Anthony Hopkins finds acting a straightforward affair - East Valley Tribune: Get Out

Anthony Hopkins finds acting a straightforward affair


Anthony Hopkins’ wife would like him to lie more. Specifically, she would like him to stop telling the truth when curious people ask him to reveal the secret to his extraordinary acting ability.

She wants him to stop insisting that acting is not that difficult, and to start making up stories about how he creates memorable characters, such as serial killer Hannibal Lecter in “The Silence of the Lambs,” for which he won an Oscar, and the brilliant and diabolical murderer Ted Crawford in “Fracture,” which opens today.

“When I tell people that I just learn my lines and that’s all there is to it, my wife thinks that I’m putting down the craft of acting,” the 69-year-old actor explains.

“But I’m not putting it down. I have nothing but respect for the craft. And I could come up with all sorts of fancy theories about playing these characters but, basically, it’s just a matter of learning the lines. I’m sure that Robert De Niro and all the other Method guys would not approve of that.

“I admire them, but I’m just as Method as those guys. But I believe that the text is all the information you need.”

In “Fracture” he plays a structural engineer who strongly suspects that his younger wife is having an affair. He decides to shoot her in the head.

Ryan Gosling plays an ambitious assistant district attorney who is faced with the unenviable task of trying to convict the clever engineer.

“When I read the script, I knew I wanted to do it by page 35,” says Hopkins. “It was good, intelligent writing with great description and dialogue. I liked the smell of it. I could tell that the writer knew what he was doing.”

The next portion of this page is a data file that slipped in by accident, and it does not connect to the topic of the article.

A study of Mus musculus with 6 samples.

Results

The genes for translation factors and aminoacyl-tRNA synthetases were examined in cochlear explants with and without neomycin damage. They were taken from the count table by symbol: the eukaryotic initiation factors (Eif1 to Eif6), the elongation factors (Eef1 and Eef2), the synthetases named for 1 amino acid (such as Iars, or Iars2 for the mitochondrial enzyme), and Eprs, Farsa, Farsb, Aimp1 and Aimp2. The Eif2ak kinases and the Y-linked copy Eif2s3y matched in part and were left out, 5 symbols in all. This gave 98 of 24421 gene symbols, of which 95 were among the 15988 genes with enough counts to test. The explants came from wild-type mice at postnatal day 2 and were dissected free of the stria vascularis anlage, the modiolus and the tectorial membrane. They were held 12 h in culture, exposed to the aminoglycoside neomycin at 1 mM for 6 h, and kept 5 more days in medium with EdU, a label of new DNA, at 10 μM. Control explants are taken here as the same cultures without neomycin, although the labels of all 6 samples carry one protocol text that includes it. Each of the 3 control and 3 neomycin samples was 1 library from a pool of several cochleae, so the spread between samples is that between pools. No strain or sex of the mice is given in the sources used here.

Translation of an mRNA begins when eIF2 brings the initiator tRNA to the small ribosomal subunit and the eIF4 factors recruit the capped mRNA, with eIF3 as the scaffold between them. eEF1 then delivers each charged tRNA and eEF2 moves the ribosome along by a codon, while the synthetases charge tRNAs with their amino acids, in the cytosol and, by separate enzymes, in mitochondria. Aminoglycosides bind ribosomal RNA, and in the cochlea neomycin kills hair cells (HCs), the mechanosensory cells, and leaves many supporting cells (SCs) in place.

Hopkins acknowledges that atmosphere on the set and time spent in rehearsal play a role in getting him into character.

“Making a movie is a fascinating process, and I have always loved the process,” he says. “The way it works is that I show up at the location in the morning and grab a cup of coffee. I go to hair and makeup, and put on the character’s clothes. I talk to the director and the other actors. The camera crew comes in and marks the set. We go through some rehearsals.

“By the time I get through with all that preparation on the set, and the reading of the script over and over again, I’m into the character. And I have been doing the same preparation for roles my entire career. It works for me. It’s as exciting to me now as it was 30 years ago.”

The Welsh actor has said he was inspired to get into acting by a chance meeting at age 15 with countryman Richard Burton.

He began his film career on a high note, appearing in the 1968 classic “The Lion in Winter.” Most longtime fans probably remember his breakthrough role in “Magic,” the 1978 film in which he played a hapless ventriloquist who is controlled by his dummy.

But it was in the 1990s that Hopkins’ career soared, with roles in “The Remains of the Day,” “Nixon” and “Amistad.” Earlier, he played “Hannibal the Cannibal” in “The Silence of the Lambs.” The character was named by the American Film Institute as the greatest screen villain of all time.

There have been many in Hollywood who did not take full advantage of a big break when it came their way, but Hopkins is not among them.

“I believe that I have made the most of that Oscar,” he says. “I have a wonderful life, and I have worked as much as I wanted or needed to work.

“When you’re approaching 70 (he will turn 70 on Dec. 31), you’re lucky to still be working. It’s always a wonderful surprise whenever people send me scripts to read. And I’m always surprised when people want to work with me.

“I know this is going to sound incredibly silly, but I get thrilled when I get to work with a Brad Pitt, a Jodie Foster or a Ryan Gosling. I feel great pride that not only do these young actors invite me along to work with them, but I am able to hold my own with them.”


Read Tribune movie critic Craig Outhier’s review of “Fracture.”